Writers can learn a lot from game that's all about taking over the world—sketching out a plan of attack, for example, or utilizing your forces in a way that maximizes impact. And let’s not forget targeting your enemy and striking while they’re weak.
Armed with these tools, I attended my first writer’s conference in Houston, Texas, in 2003. You may remember me. I was the one skulking around like a CIA agent on a covert op trying to land all the best appointments.
I'm not kidding.
First day of the conference, I sat next to the door like a chameleon, one eye on the appointment sign up sheet, the other on the editor I had targeted. When the conference hostess announced the sign-ups were open, I bolted out of my chair like a bat...out of my chair...and made a mad dash to the wall. I think I ran over someone. Not positive of that. It just seems I vaguely remember hearing, "Please get off my face."
Oh, what I’ve learned since then. No longer do I skulk in hallways or lurk around elevator doors, waiting to ambush some poor, unsuspecting editor. Instead, I looked for ways to make others feel comfortable. I seek out those whose earnest faces show their anxiety and pain. In other words, I make friends instead of contacts. I schedule prayer times instead of appointments. I visit over dinner, instead of strategizing.
I’m going to my seventh writer’s conference later this year. Time and necessity (who wants to pay the extra baggage charge for suitcase full of stuff you won't use??) have helped me streamline the things I need to take with me into a few key articles:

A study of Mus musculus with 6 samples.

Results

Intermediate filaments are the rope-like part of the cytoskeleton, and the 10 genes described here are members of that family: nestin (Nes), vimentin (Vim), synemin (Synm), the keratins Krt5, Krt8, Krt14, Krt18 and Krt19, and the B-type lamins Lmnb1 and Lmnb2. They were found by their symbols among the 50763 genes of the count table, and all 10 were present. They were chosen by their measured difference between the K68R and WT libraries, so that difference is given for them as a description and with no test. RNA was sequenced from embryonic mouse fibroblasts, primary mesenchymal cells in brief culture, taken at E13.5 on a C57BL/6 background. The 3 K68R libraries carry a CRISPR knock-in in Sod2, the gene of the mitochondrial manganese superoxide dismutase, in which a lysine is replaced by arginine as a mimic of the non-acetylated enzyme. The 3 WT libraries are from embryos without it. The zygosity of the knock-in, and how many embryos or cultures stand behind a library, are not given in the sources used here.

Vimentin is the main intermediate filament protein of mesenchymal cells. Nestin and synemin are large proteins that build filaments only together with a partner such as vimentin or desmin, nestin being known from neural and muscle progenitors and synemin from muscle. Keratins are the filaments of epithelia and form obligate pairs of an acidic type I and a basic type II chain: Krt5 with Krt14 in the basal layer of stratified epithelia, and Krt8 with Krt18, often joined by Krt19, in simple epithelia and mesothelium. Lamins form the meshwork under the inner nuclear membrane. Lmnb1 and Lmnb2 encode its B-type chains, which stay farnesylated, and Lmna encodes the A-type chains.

1. Up-to-date, professional looking business cards. An author photo on the front is nice. Remember you'll be meeting LOTS of people. Chances are you won't be able to remember everyone, so having a picture to put with the name is a big help. Other things to include on your business card: phone number, email address, website or blog.
2. Pitch Sheet. A pitch sheet is a document with a one sentence summary of your story, a paragraph blurb, and a short author bio. This is NOT for you to hand out (trust me...nobody else wants to pay an extra baggage charge, either). This page is simply to help you remember everything you want to say in your editor/agent appointment. Now, if someone asks (and they probably won't ask), but if they do, you might want to keep two or three copies of your pitch sheet on hand to give out. But the probably won't ask.
3. Marketing goodies. If you are published, bring plenty of freebies to give away. Good items to bring are bookmarks, postcards, pens with your book title printed on them, post-it notes with your book title printed on them, or maybe even candy with specially made wrappers.
4. ONE hard copy of your proposal...and if you're really optimistic, your manuscript. Okay, I know we all want to think that once an editor or agent gets wind of our idea, they are going to want the complete manuscript right then and there. (That's right, just slide me a contract across the table cuz this book is GOOD...) Would you like to know how many times that has actually happened? To me--never. To JK Rowling--once. Maybe twice.
Apart from these things, you can pretty much figure out what you'll need. Think youth camp: toothbrush, deodorant, shampoo...
And the world domination plan? Yeah...leave that at home.